There’s also an extensive menu of options for the audio playback on Blu-rays, allowing you to request that some of the newer formats be downmixed automatically, which could be handy if you have an older surround processor. We’d quite like to have seen a built in decoder too, with multi-channel analogue audio outputs, but that would perhaps have cluttered the back panel.
You can re-encode HD material to fit more on a disc, but you can’t save it to DVD
The DMR-S850 does not support DVD-Audio and SACD formats either. SuperVideoCD and the like, is also incompatible. To be fair, not many BD players do support legacy formats, but when you’re paying this much, we think you’re probably entitled to expect that it will play back all the media you’ve bought over the years.
Recording from Freesat is a doddle, and the automatic programme tracking ensured that when the athletics over-ran, we still got the whole of our scheduled recordings from BBC HD. To all intents and purposes, the user interface is the same as the DVD recording DMR-XS350 too, complete with the somewhat pregnant pauses when you switch between tasks, and the wait of several seconds to go into live pause.
Where things differ, of course, is in the support for Blu-ray discs. In fact, we suspect that a lot of the code is the same between both machines. Certainly, when copying recordings to DVD on the DMR-XS350, lots of high definition options appear, but they’re not selectable, but they are accessible on the DMR-BS850.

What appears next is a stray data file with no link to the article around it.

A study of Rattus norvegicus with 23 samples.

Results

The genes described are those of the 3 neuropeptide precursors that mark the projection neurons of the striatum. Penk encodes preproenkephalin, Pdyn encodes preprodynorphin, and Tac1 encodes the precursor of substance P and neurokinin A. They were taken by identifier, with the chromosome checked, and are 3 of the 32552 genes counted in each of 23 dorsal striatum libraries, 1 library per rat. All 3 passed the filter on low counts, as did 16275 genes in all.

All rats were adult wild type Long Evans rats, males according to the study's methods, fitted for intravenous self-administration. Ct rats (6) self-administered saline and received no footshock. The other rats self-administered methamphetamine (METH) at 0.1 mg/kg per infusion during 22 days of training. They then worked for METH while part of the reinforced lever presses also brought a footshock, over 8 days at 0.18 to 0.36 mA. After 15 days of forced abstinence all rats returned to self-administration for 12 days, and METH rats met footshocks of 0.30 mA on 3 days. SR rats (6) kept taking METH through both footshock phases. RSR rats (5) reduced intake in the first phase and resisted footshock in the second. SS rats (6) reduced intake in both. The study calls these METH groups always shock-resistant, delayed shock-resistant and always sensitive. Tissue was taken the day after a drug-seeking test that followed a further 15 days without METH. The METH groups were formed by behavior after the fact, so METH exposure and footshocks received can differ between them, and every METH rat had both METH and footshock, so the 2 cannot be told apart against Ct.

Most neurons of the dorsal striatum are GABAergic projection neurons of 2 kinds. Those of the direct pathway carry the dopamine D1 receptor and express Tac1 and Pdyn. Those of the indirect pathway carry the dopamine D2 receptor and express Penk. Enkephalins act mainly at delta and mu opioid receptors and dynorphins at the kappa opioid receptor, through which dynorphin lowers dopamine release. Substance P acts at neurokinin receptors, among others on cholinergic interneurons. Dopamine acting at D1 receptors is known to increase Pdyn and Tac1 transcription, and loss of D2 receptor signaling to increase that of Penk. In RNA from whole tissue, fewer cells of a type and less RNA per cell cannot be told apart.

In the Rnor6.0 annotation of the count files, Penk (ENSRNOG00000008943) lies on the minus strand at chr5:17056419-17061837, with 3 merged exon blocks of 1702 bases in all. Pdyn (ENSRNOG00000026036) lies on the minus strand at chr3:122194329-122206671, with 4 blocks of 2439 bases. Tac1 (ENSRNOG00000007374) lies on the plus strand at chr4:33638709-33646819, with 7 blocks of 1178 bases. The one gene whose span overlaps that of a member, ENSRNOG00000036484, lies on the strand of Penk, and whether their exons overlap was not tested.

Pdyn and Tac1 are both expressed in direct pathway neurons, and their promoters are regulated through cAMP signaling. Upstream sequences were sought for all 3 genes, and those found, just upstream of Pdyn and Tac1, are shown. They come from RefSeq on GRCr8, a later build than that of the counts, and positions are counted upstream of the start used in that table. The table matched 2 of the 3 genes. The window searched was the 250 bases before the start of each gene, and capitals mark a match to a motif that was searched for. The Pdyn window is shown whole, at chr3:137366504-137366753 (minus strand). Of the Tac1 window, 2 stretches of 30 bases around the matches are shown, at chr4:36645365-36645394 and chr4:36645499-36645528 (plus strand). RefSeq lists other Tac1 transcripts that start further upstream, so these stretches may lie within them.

You can copy a recording from an HD channel as a bitstream, so it’s not re-encoded, and the copy will complete faster than real time. It takes about 39 minutes to copy 1hr 40mins of HD programming, or 40 per cent of running time. Re-encoding, but still in HD, is a real-time process.
Freesat HD programming is copy protected, so you can only make a single HD disc
However, this is one area where users are likely to run into some annoyances. The cost of Blu-ray media is still pretty high and the cheapest we’ve found is a little under £4 for a 25GB disc. Panasonic’s own web shop will set you back twice that, and more for re-writable ones.
...when will something worth recording in HD be produced (and transmitted) ?
Oh boy, Big Brother in HD, I can hardly wait...
...may do this better - they did with the SD/DVD version.
The other side is - how's it going to link to a home server full of music?
@Need some anti piracy laws...
Freesat mandate the copy protection restrictions be implemented in licensed devices. Manufacturers have no choice. I've been told that BBC and the other broadcasters have forced copy protection into the Freeview HD specification too.
I don't see why they bother when the broadcasts are unencrypted, the manufacturers must hate it, viewers hate it and it doesn't secure anything.